If you weren’t able to attend the November 5th presentation by Dr Nick Washington “My Work is My Protest” , here’s a video playback of the event.
Numerous events of 2020 have placed a national spotlight on the inequities and inequalities that are present in K-16 education and society at large. In this conversation, Dr. Nicki Washington discusses how her personal journey in computing influenced her research on identity in computing, including the development of her “Race, Gender, Class, and Computing” course and why “teaching is political.”
• Dr. Washington’s Reading List: www2.cs.duke.edu/courses/fall20/compsci190/books.html (not currently listed but recommended by Dr. Washington: “Dark Matters: On the Surveillance of Blackness” by Simone Brown)
• Real MVPs noted by Dr. Washington include Dr. Timnit Gebru, Joy Buolamwini, Dr. Rediet Abebe, Deb Raji, Mutale Nkonde, Dr. Ruha Benjamin, Dr. Simone Browne, and Dr. Safiya Noble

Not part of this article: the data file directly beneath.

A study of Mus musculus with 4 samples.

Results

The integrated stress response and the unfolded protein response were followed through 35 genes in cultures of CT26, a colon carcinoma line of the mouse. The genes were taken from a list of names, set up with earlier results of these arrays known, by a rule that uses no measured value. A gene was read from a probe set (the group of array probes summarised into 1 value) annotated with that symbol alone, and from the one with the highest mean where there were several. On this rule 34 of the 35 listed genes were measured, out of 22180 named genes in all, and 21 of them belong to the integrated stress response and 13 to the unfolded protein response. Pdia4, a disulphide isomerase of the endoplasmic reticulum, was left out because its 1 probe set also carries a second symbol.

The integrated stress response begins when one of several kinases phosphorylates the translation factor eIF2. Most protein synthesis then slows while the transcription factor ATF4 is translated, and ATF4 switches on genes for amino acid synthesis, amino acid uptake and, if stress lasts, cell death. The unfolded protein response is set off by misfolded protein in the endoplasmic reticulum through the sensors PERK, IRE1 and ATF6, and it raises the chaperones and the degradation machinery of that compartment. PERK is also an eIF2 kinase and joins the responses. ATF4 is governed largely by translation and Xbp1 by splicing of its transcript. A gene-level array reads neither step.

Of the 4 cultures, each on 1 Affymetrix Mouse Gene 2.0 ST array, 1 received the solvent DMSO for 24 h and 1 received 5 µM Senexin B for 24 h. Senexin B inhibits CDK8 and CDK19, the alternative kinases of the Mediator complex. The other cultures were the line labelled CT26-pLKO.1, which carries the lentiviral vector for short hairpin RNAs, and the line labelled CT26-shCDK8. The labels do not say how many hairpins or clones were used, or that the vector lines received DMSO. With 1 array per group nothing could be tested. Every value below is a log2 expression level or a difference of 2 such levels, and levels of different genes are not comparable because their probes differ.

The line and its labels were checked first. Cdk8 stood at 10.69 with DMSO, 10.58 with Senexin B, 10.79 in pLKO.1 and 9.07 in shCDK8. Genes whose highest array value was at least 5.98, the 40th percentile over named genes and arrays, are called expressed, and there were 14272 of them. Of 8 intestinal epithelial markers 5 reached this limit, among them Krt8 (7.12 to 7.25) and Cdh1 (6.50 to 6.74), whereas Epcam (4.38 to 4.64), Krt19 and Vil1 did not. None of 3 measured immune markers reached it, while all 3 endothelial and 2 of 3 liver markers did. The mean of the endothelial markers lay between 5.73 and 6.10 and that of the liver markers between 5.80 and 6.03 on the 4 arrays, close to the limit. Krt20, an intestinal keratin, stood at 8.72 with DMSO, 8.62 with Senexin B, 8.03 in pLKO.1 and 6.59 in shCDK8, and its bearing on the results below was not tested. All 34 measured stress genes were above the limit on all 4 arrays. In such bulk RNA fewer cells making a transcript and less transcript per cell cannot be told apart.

• The Identity in Computing Group // https://identity.cs.duke.edu/
• Check out these NCWIT resources and reads to further your learning:
o “Critical Listening Guide” // www.ncwit.org/criticallistening
o “Interrupting Bias in Industry Settings” // www.ncwit.org/biasindustry
o “Intersectionality in Tech 101” // www.ncwit.org/Intersectionality101
o Modern Figures Podcast // http://modernfigurespodcast.com/
o “The Color of Our Future” // www.ncwit.org/the-color-of-our-future
o “The Importance of Complexity in Attending to Intersectionality” // www.ncwit.org/ImportanceOfComplexity
Other Ways to Keep Conversations for Change Going
• Playback previous Conversations that you might have missed or simply want to watch again: ncwit.org/PreviousCFCRecordings.
• Show your NCWIT spirit with a special Zoom virtual background. Every meeting (or virtual hangout) can be an opportunity to raise awareness about the need for inclusion in tech. Download your digital #NCWITConversations swag online.
• Follow @NCWIT on Twitter, Facebook, LinkedIn, and Instagram.